425 F2d 1165 Mathis v. People of State Colorado K
425 F.2d 1165
Joe M. MATHIS, Petitioner-Appellant,
The PEOPLE OF the STATE of COLORADO and Wayne K. Patterson, Warden of the Colorado State Penitentiary, Respondents-Appellees.
United States Court of Appeals, Tenth Circuit.
May 1, 1970.
C. Willing Browne, of Yegge, Hall & Evans, Denver, Colo., for petitioner-appellant.
George E. DeRoss, Asst. Atty. Gen. (Duke W. Dunbar, Atty. Gen., and John P. Moore, Deputy Atty. Gen., on the brief), for respondents-appellees.
Before LEWIS, Chief Judge, and BREITENSTEIN and SETH, Circuit Judges.
BREITENSTEIN, Circuit Judge.
This is an appeal from the denial of habeas corpus relief to appellant, a state prisoner. He was found guilty of various offenses, all related to an attempted supermarket robbery in Denver. The Colorado Supreme Court affirmed the conviction. Mathis v. People, Colo., 448 P.2d 633. In the habeas court the appellant offered no evidence and the case was decided on the basis of the state court record.
Appellant argues that the evidence is insufficient to sustain the conviction. A state prisoner is entitled to federal habeas relief only when rights guaranteed by the Constitution of the United States have been denied to him. Hickock v. Crouse, 10 Cir., 334 F.2d 95, 100, cert. denied 379 U.S. 982, 85 S.Ct. 689, 13 L.Ed.2d 572. The sufficiency of the evidence to sustain a conviction is not subject to federal habeas review, Wagenknecht v. Crouse, 10 Cir., 344 F.2d 920, 921, unless the conviction is "so totally devoid of evidentiary support as to raise a due process issue," Edmondson v. Warden, 4 Cir., 335 F.2d 608, 609. We have reviewed the trial transcript and agree with the Colorado Supreme Court that the evidence is quite sufficient to support the verdicts. See Mathis v. People, supra, 448 P.2d 637-638.
The next question relates to a warrantless search of an automobile. Police surprised the robbers and a gunfight ensued. The robbers fled leaving the loot and various articles of clothing including a glove. Appellant was arrested about half an hour later. The police began a search for a car in which the appellant had been seen riding. The car belonged to his fiancee. She told the police that she had loaned the car to the appellant, that it was missing, and that she had asked a friend to try to locate it. Sometime later, a police officer found the car unoccupied and parked at a street curb several blocks from both the scene of the robbery and the place where appellant had been arrested. By the use of his flashlight the officer saw that the ignition key was in place. He opened the door, took the key, and also took a glove which was lying in plain sight on the front seat. The glove was the mate of the one found near the robbery. Over objection, the key and the glove were received in evidence.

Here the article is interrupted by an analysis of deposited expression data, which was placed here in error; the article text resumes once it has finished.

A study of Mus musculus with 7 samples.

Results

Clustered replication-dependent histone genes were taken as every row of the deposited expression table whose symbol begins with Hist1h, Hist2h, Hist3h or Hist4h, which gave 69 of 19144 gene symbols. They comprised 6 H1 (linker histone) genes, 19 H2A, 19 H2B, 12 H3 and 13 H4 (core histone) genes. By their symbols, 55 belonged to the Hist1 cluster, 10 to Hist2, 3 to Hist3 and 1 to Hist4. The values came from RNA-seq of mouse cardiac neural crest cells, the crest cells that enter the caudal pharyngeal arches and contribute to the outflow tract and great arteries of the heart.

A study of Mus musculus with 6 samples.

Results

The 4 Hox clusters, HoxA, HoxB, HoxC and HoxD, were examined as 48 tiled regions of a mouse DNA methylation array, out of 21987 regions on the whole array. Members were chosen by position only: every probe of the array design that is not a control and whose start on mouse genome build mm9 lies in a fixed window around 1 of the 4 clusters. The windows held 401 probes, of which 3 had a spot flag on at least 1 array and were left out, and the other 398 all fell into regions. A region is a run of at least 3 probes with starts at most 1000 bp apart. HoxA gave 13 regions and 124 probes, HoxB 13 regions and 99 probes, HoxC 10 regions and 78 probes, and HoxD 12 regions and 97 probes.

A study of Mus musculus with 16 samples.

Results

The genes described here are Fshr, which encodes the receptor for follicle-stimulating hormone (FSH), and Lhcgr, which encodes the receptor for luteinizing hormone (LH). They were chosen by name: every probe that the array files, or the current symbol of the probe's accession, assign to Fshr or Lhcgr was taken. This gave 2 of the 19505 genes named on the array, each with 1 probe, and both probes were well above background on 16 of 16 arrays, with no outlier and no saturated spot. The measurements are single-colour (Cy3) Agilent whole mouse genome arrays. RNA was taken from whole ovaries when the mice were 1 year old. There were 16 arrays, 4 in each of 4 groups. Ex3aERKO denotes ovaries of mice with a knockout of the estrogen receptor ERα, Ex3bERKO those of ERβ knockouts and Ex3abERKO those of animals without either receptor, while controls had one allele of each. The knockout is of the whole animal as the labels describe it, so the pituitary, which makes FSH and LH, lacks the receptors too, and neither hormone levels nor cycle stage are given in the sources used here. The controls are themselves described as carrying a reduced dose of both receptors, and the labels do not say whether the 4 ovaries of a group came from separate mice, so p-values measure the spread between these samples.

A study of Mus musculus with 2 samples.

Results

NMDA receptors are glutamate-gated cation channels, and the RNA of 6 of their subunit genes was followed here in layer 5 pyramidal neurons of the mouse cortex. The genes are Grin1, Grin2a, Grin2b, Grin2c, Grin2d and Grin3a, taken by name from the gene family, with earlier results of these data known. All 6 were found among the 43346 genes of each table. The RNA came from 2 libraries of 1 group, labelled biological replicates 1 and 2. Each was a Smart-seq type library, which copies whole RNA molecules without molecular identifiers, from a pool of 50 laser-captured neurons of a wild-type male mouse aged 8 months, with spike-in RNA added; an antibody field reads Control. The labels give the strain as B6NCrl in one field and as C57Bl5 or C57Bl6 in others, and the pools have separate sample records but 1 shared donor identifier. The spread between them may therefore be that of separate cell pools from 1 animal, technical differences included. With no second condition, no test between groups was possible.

In the performance of his duty the officer had the responsibility to prevent unauthorized use of the car which the owner had reported missing. The reasonable thing to do was to take the key out of the ignition lock. He opened the door and did so. While so engaged he saw the glove in plain sight. The discovery of the glove was not a search because in the performance of his duty he "merely saw what was placed before him in full view." Ker v. California, 374 U.S. 23, 43, 83 S.Ct. 1623, 1635, 10 L.Ed.2d 726. See also Harris v. United States, 390 U.S. 234, 236, 88 S.Ct. 992, 19 L.Ed. 2d 1067, and United States v. Self, 10 Cir., 410 F.2d 984, 986. No right of the appellant was violated.
A detective testified on redirect examination to a statement made to him by appellant in jail after charges had been filed and defense counsel had been appointed. The statement, made in the absence of counsel, was that appellant would not discuss the case "or he would be knocked off when he reached the penitentiary." Receipt of the testimony is said to violate Massiah v. United States, 377 U.S. 201, 84 S.Ct. 1199, 12 L.Ed.2d 246.
On cross-examination of the officer, defense counsel repeatedly asked him whether appellant had denied participation in the crime. On redirect, the prosecution merely brought out the complete statement. No objection was made to the testimony. This is not a Massiah case where incriminating statements were offered by the prosecution and received over defense objection. Here, defense counsel persisted in extracting from the witness the fact of appellant's denial of participation in the robbery. The trial strategy was deliberate and knowing. We have held that constitutional claims may be waived "if done so knowledgeably as part of defense strategy." Mize v. Crouse, 10 Cir., 399 F.2d 593, 596, cert. dismissed 394 U.S. 913, 89 S.Ct. 1177, 22 L.Ed.2d 448. Cf. Henry v. Mississippi, 379 U.S. 443, 451, 85 S.Ct. 564, 13 L.Ed.2d 408, and Curry v. Wilson, 9 Cir., 405 F.2d 110, 112-113. The subject was developed by the defense, and constitutional rights may not now be claimed because the prosecution brought out the exact words.